Harassment and bullying behaviour in the workplace is unpleasant and offensive. It can affect an individual’s professional performance and psychological welfare, and can be so destructive that the effects continue after work, devastating personal lives as well as careers. Harassment and bullying can result in low morale, increased sickness absence or resignations.
If a complaint is made to an Employment Tribunal, or civil proceedings taken to court, an organisation may also suffer expensive litigation, adverse publicity and a loss of customers. It is in everyone’s best interests to have a workplace free of harassment and bullying.
It can often be difficult for a leader within an organisation to know exactly what to do when allegations arise. The following is list of tips to help you.
Time is critical in harassment cases and all instances should be addressed as soon as the complainant has raised the issue. It is likely that the alleged bullying or harassment has gone on for some time and has reached a point where the complainant feels they have run out of options. There is no benefit in hoping that the situation will ‘blow over’.
Take the Complaint Seriously
Employees are unlikely to complain unless they feel they have no other options. A response from you that is deemed unreasonable or dismissive will exacerbate the situation and likely cause issues further down the line.
Be Objective and Independent
Irrespective of the feelings you have for those involved in the case, it is important that you remain objective and independent of the situation at all times. Although sometimes difficult, you must ensure that your own feelings and opinions do not enter into the equation. All parties involved will be looking for support from you and it is imperative that you remain professional throughout the process. If you are seen to imply favouritism, the consequences could be damaging.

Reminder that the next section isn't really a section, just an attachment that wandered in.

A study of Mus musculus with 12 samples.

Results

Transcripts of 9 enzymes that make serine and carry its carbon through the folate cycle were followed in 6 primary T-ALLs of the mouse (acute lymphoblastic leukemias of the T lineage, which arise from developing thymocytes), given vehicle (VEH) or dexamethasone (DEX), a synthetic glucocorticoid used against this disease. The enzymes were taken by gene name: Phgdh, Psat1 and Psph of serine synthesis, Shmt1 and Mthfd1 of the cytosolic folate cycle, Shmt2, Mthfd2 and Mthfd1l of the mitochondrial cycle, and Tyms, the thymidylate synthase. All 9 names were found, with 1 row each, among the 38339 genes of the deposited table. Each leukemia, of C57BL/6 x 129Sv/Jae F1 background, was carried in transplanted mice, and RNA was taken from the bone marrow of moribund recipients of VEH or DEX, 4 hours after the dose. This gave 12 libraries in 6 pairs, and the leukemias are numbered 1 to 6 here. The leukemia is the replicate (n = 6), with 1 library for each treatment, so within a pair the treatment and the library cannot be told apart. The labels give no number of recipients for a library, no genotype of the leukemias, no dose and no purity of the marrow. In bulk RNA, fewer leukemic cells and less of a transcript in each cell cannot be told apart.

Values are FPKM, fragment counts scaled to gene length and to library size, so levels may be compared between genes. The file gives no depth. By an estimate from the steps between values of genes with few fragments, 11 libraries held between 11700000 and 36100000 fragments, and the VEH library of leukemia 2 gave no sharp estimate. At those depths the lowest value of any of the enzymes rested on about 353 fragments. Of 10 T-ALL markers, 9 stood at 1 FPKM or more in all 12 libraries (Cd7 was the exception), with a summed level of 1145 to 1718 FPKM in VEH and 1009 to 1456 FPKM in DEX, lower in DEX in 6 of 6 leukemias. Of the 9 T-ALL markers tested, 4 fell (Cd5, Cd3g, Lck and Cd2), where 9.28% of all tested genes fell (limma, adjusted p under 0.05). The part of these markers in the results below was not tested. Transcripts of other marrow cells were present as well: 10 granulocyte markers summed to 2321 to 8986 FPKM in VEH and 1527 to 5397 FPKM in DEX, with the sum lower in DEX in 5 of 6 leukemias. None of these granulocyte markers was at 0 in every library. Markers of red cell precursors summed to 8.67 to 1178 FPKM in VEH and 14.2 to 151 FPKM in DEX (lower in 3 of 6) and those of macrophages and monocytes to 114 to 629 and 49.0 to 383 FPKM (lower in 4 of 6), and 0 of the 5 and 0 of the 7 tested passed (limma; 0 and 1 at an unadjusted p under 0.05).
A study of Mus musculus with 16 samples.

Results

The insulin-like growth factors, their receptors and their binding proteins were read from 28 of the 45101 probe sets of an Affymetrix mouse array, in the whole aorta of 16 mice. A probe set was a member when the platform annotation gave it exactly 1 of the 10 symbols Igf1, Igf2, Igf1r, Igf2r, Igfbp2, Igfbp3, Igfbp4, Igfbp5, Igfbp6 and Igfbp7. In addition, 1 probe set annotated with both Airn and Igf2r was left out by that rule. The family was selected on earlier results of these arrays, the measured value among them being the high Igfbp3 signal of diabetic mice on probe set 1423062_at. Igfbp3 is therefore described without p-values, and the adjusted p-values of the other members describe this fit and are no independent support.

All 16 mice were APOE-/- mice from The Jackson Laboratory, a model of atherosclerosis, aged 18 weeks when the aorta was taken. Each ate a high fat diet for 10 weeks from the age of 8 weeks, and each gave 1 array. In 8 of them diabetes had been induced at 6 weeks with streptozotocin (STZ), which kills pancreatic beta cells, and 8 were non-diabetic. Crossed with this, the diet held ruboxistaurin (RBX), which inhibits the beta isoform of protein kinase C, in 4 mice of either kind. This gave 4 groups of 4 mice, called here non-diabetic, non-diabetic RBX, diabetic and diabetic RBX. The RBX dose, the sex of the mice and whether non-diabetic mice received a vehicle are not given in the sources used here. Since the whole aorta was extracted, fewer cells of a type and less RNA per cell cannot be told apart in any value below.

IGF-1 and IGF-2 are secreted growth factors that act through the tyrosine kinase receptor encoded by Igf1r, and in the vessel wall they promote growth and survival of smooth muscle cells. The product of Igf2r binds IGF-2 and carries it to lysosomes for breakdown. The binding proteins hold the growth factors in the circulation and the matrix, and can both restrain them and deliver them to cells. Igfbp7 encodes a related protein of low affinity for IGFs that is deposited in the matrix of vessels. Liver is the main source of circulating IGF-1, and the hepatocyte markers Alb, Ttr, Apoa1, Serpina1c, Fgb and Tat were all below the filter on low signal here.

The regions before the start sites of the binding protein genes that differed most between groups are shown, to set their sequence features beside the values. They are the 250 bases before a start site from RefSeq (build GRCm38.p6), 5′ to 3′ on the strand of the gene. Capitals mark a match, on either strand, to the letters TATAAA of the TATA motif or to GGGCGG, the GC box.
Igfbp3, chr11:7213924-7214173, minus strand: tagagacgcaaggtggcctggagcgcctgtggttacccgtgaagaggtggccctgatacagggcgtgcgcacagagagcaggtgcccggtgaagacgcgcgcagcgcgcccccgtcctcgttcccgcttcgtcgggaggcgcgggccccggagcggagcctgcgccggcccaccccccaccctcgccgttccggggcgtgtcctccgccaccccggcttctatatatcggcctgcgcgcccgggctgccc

Attempt to Resolve Informally
Informal resolution of harassment and bullying cases can be the least damaging for all involved. Often the person that carries out the harassment or bullying is unaware of the affect their behaviour is having on the individual concerned. Wherever possible it is best to rectify these matters without damaging the reputation of all involved. Sometimes the complainant will be happy to approach the person/s themselves or they may need support from others i.e. manager, colleague, HR.
As a general principle, confidentiality should be agreed and maintained. In some instances it will be necessary to involve others in the discussions in order to progress a complaint. However, the decision should be made by the complainant as to whether to involve anyone else.
In cases of this nature hearsay and gossip tend to arise. It is important that you remain impartial and act as the soul of discretion. Any other type of behaviour can result in legal implications for you.
Follow Organisation Policies and Guidelines
Most organisations will have guidelines and policies for disciplinary, grievance, bullying or harassment cases. They will have been drafted carefully and with the organisation and its employee’s specific interests in mind, so it is crucial that you follow them. Don’t be reluctant to seek help if you are unsure of the procedures or need advice.